Monday, March 24, 2014

Things are Bigger on the Inside than the Out: Doctor-Who-Object-Oriented Ontology

We should be about enlarging rather than reducing.   We should be multiplying the names for things, not boiling them down to one.  We need a Doctor-Who-Object-Oriented Ontology (DWOOO).

I'm not much for reductionism, which usually means that appearances are not what they seem but that what is about religion, for instance, is really about self-delusion in all its cases.  This means that what may seem to be about God (God is love) is really about one's own trauma or wish-fulfillment.  (Of course there are many cases where something that is religious has nothing to do with religion -- a reductionist is consistent and thorough, not ad hoc and nimble to say:  this particular view of God is not God but instead a product of your own self-interest.) 

I think there can be reduction but not to an absolute bottom nor a final resting place.  I can understand that some want to work with objects, some with events, some with relations, and some with substances.  And I can respect the turn away from the priority of epistemology that Graham Harman and others advocate.


But things are bigger on the inside then they are on the out.  They are much bigger.  This is what the Doctor says of the TARDIS but I think it is about all things.  To put this in the terms of Thomas Aquinas' theology of the creature, creation is the depth of mystery.  I can take issue with lots things in Thomas' theology and philosophy but this is the most important that I've found.  If what a thing is is its relation to God, that is, its essence and existence alike (in Thomas' terms), then there is a kind of mystery appropriate to creatures.  Things may appear one way but there is a depth to them, an abyss that opens once one contemplates the most common chickadee and the most sublime natural scene.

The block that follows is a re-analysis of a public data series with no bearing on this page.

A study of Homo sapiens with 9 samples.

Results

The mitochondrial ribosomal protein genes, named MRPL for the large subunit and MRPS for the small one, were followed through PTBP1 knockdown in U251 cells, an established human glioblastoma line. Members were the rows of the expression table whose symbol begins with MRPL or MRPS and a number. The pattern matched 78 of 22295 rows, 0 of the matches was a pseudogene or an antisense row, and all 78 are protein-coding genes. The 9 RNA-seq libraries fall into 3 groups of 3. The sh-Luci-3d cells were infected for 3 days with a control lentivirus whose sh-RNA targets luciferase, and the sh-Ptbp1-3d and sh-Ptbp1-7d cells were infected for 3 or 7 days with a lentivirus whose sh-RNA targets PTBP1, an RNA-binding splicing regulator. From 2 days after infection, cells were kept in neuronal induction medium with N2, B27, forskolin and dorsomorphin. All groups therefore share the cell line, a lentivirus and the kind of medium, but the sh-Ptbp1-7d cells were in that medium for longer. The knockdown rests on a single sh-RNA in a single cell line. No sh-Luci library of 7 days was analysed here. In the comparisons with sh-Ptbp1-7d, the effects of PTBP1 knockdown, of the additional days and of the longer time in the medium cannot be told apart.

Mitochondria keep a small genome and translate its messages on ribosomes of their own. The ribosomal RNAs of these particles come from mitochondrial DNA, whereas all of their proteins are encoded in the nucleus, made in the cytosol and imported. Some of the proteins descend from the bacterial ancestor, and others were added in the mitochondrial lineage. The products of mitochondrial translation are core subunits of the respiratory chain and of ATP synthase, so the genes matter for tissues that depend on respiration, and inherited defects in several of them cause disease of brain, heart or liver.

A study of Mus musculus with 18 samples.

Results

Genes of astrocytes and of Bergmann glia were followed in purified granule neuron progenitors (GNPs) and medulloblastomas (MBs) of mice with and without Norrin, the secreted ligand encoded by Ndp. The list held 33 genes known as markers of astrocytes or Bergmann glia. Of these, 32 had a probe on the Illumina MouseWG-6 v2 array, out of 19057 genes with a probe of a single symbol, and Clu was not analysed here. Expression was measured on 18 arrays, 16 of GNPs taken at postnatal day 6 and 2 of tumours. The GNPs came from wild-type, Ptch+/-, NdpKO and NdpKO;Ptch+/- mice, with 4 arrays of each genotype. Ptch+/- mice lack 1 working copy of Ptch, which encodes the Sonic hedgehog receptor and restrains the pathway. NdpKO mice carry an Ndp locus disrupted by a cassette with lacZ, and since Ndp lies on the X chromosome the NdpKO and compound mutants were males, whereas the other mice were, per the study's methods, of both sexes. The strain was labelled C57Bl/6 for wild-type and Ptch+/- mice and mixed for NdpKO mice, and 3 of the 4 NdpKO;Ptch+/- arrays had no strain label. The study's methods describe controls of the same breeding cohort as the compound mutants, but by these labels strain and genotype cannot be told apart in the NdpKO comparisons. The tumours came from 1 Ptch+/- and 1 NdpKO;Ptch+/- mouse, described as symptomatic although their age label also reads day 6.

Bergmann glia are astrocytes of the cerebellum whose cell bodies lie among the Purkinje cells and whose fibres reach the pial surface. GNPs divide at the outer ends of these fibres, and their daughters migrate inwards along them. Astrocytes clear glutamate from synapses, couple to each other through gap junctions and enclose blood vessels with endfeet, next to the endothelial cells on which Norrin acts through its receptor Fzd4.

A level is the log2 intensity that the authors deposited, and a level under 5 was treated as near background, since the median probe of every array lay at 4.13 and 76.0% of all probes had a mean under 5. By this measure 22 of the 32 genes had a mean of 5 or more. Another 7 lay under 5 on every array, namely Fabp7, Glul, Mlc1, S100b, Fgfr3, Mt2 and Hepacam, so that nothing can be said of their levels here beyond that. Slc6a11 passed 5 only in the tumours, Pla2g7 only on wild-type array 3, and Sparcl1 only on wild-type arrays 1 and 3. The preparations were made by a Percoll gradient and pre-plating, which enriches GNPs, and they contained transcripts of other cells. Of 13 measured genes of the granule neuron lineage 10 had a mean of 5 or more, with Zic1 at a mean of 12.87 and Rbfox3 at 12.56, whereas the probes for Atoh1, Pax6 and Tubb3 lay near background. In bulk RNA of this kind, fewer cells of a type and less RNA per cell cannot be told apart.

No one can say what a thing is for sure -- not because what they are is simply too small to view (Locke) or because of a difficulty with our mental or sensory equipment -- but because we are dealing with a mystery that always remains in all things. Is God an event, a person, a being, a constellation of relations, a being-beyond-being?  The reductionist wants one of these, perhaps two.  God is that which makes things the mystery that they are.

The only way to get at things, though in this mystery, is not the positive depth that they disclose but the moment of injury.  We can't think that our efforts to reduce and squelch the mystery of things are so easily overcome.  Rather, it is the cross, the theologia crucis that opens up the way to disclose the truth of things.  When we try to get at things to name them one thing, to siphon off their mystery and freedom, that moment, that pain, is the pain of the cross and so the point at which we might discover the depth of all things.

You might say that this is all a new form of an old theology.  You'd be right.  It's the real name of that ancient writer hidden behind a psuedo-nym:  Dionysius the Areopagite.  And one more Doctor, whose theology is usually taken to be the opposite of that so-called Dionysius:  Martin Luther.